Silicon Valley is furious about Peter Thiel's $1.25 million donation to Trump's campaign
Some are calling for a moratorium on doing business with the legendary investor, PayPal co-founder, and Facebook board member.
In response to Peter Thiel's pledge to donate $1.25 million to Donald Trump's presidential bid (reported by the New York Times on Saturday), some in the Silicon Valley-centered tech community are going public with a call to reject any company willing to do business with the PayPal co-founder.
In addition to co-founding PayPal and data analysis software firm Palantir, Thiel sits on the board at Facebook and is a part-time partner and investor in startup seed fund Y Combinator.
Thiel's substantial donation to Trump doesn't come as a surprise--he did have a prime-time speaking slot at this summer's Republican National Convention--but the billionaire has been largely silent about his chosen candidate's many controversial statements of the past few months, which had caused some to wonder if he had abandoned his support for the Republican nominee. After speaking at the RNC, Thiel's spokesperson told the Wall Street Journal in August that the billionaire did not plan on donating money or campaigning for Trump's bid. But in September he wrote an op-ed for the Washington Post saying Trump could be the one to fix ineffective government.
Twitter founding team member and founder and CEO of Kapor Capital-funded recruiting software company Atipica Laura Gómez's passionate response was retweeted over a hundred times.
She quickly followed up with some context from her mom, who's still very much alive, but stopped far short of an apology.
And John Lilly of investment firm Greylock Partners compared Thiel's donation to that of another prominent Facebook figure. The social network's co-founder Dustin Moskovitz pledged to donate $20 million to help ensure a Clinton victory because, as he put it, Trump's "proposals are so implausible that the nation is forced to worry that his interest in the presidency might not even extend beyond winning a contest and promoting his personal brand."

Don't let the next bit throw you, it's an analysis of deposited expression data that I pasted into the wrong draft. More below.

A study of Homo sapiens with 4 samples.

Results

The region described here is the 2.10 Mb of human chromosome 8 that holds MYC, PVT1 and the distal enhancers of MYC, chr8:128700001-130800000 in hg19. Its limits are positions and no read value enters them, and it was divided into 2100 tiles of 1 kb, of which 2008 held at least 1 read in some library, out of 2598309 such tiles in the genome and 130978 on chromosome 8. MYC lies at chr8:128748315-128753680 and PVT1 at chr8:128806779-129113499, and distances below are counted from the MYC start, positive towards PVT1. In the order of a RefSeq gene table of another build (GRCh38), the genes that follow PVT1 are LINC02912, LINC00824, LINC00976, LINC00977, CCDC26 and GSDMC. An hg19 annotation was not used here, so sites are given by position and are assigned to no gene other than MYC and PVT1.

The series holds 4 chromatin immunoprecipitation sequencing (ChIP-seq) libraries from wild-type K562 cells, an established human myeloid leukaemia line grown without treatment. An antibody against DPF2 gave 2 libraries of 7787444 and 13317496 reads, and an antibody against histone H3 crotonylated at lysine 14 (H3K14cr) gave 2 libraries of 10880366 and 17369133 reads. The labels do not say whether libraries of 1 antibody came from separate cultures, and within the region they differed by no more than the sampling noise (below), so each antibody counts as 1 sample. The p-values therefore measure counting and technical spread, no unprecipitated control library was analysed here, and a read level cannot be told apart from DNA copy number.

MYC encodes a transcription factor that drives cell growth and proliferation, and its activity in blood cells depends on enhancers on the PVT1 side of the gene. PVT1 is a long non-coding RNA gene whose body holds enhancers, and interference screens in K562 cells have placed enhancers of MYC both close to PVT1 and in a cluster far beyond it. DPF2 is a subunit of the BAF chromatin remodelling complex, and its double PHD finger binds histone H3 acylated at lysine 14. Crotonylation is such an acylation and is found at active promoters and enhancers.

Code for America co-founder Catherine Bracy fired off a series of tweets saying Silicon Valley should disown Thiel, urging men and women of all races not accept jobs at Facebook until he's off the board, and saying anyone who defends him is sending a powerful message about their values.
A question posed on Y Combinator's discussion board Hacker News called for a statement from the fund's co-founder Paul Graham and president Sam Altman (both of whom have been vocal Trump critics) regarding future dealings with Thiel. In response to a Twitter question aimed at Graham from David Heinemeier Hansson, founder of open-source framework for programmers Ruby on Rails and project management software Basecamp, Altman provided a preliminary look into the fund's position.
Thiel, whose Twitter feed consists of one post from 2014, had not responded on the social network or made any other public statements at the time this article was published.